Brian Balbirnie has been the CEO of Issuer Direct Corporation (NYSEMKT:ISDR) since 2006. First, this article will compare CEO compensation with compensation at similar sized companies. After that, we will consider the growth in the business. And finally - as a second measure of performance - we will look at the returns shareholders have received over the last few years. This process should give us an idea about how appropriately the CEO is paid.
How Does Brian Balbirnie's Compensation Compare With Similar Sized Companies?
According to our data, Issuer Direct Corporation has a market capitalization of US$45m, and paid its CEO total annual compensation worth US$200k over the year to December 2019. That's less than last year. Notably, the salary of US$200k is the vast majority of the CEO compensation. We looked at a group of companies with market capitalizations under US$200m, and the median CEO total compensation was US$596k.
Pay mix tells us a lot about how a company functions versus the wider industry, and it's no different in the case of Issuer Direct. On a sector level, around 13% of total compensation represents salary and 87% is other remuneration. On a company level, Issuer Direct prefers to reward its CEO through a salary, opting not to pay Brian Balbirnie through non-salary benefits.
Most shareholders would consider it a positive that Brian Balbirnie takes less total compensation than the CEOs of most similar size companies, leaving more for shareholders. Though positive, it's important we delve into the performance of the actual business. You can see a visual representation of the CEO compensation at Issuer Direct, below.
Is Issuer Direct Corporation Growing?
On average over the last three years, Issuer Direct Corporation has shrunk earnings per share by 44% each year (measured with a line of best fit). In the last year, its revenue is up 8.4%.
Unfortunately, earnings per share have trended lower over the last three years. And the modest revenue growth over 12 months isn't much comfort against the reduced earnings per share. It's hard to argue the company is firing on all cylinders, so shareholders might be averse to high CEO remuneration. It could be important to check this free visual depiction of what analysts expect for the future.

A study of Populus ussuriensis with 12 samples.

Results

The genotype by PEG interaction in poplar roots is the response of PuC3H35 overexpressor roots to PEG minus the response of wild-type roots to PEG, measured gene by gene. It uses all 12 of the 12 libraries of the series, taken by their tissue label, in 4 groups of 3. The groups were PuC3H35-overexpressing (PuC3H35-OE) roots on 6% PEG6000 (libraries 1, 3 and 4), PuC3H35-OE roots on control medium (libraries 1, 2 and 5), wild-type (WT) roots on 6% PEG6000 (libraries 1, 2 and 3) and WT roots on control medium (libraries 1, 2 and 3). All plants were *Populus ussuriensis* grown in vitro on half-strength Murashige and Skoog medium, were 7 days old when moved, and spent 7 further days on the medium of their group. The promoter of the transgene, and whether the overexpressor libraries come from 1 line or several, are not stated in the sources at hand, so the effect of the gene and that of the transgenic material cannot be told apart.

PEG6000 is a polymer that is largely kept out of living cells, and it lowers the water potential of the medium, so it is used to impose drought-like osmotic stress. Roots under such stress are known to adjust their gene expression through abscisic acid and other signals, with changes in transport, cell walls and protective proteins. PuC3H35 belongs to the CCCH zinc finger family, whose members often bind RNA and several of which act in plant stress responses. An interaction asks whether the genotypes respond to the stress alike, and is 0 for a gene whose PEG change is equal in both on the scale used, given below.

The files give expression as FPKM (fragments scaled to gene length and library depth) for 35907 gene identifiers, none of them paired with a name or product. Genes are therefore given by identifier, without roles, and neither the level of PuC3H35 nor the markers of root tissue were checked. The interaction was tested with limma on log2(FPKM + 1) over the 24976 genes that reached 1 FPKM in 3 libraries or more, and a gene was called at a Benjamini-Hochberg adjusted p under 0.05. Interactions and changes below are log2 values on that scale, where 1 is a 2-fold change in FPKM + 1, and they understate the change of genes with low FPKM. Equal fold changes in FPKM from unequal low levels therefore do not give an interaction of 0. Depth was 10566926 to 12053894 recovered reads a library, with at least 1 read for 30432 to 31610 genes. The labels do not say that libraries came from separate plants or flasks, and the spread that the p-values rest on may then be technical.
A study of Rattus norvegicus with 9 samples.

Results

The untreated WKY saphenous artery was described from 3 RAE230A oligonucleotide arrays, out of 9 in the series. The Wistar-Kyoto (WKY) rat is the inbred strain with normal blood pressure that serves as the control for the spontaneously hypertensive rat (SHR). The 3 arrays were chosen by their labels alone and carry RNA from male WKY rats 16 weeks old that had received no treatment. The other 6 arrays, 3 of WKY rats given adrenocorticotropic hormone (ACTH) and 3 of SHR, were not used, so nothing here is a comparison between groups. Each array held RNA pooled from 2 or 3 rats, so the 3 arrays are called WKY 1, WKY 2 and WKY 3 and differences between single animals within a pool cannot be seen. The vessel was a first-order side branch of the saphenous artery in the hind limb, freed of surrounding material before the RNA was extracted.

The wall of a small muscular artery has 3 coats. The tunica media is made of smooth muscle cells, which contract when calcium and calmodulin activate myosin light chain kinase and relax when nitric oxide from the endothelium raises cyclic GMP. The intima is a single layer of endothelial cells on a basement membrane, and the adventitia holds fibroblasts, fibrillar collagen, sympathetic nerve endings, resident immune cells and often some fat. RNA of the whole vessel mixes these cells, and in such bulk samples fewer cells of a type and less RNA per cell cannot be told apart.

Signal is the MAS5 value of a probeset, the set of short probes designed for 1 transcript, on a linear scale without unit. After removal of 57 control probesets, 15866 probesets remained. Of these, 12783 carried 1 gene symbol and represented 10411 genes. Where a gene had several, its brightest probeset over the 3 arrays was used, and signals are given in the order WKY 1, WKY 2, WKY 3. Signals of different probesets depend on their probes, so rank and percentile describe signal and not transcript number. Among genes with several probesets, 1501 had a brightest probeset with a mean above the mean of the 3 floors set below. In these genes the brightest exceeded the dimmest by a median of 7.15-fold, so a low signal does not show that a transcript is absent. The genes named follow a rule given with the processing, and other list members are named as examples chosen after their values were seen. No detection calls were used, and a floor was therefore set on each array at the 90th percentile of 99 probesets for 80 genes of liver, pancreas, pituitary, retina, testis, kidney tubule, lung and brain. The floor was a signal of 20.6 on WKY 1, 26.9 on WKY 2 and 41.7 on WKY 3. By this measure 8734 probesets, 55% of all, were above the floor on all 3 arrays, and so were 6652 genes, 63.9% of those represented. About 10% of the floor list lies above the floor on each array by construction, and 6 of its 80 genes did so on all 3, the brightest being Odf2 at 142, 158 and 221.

Has Issuer Direct Corporation Been A Good Investment?
Given the total loss of 8.7% over three years, many shareholders in Issuer Direct Corporation are probably rather dissatisfied, to say the least. It therefore might be upsetting for shareholders if the CEO were paid generously.
It appears that Issuer Direct Corporation remunerates its CEO below most similar sized companies.
Shareholders should note that compensation for Brian Balbirnie is under the median of a group of similar sized companies. But then, EPS growth is lacking and so are the returns to shareholders. While one could argue it is appropriate for the CEO to be paid less than other CEOs of similar sized companies, given company performance, we would not call the pay overly generous. Shifting gears from CEO pay for a second, we've picked out 2 warning signs for Issuer Direct that investors should be aware of in a dynamic business environment.
If you want to buy a stock that is better than Issuer Direct, this free list of high return, low debt companies is a great place to look.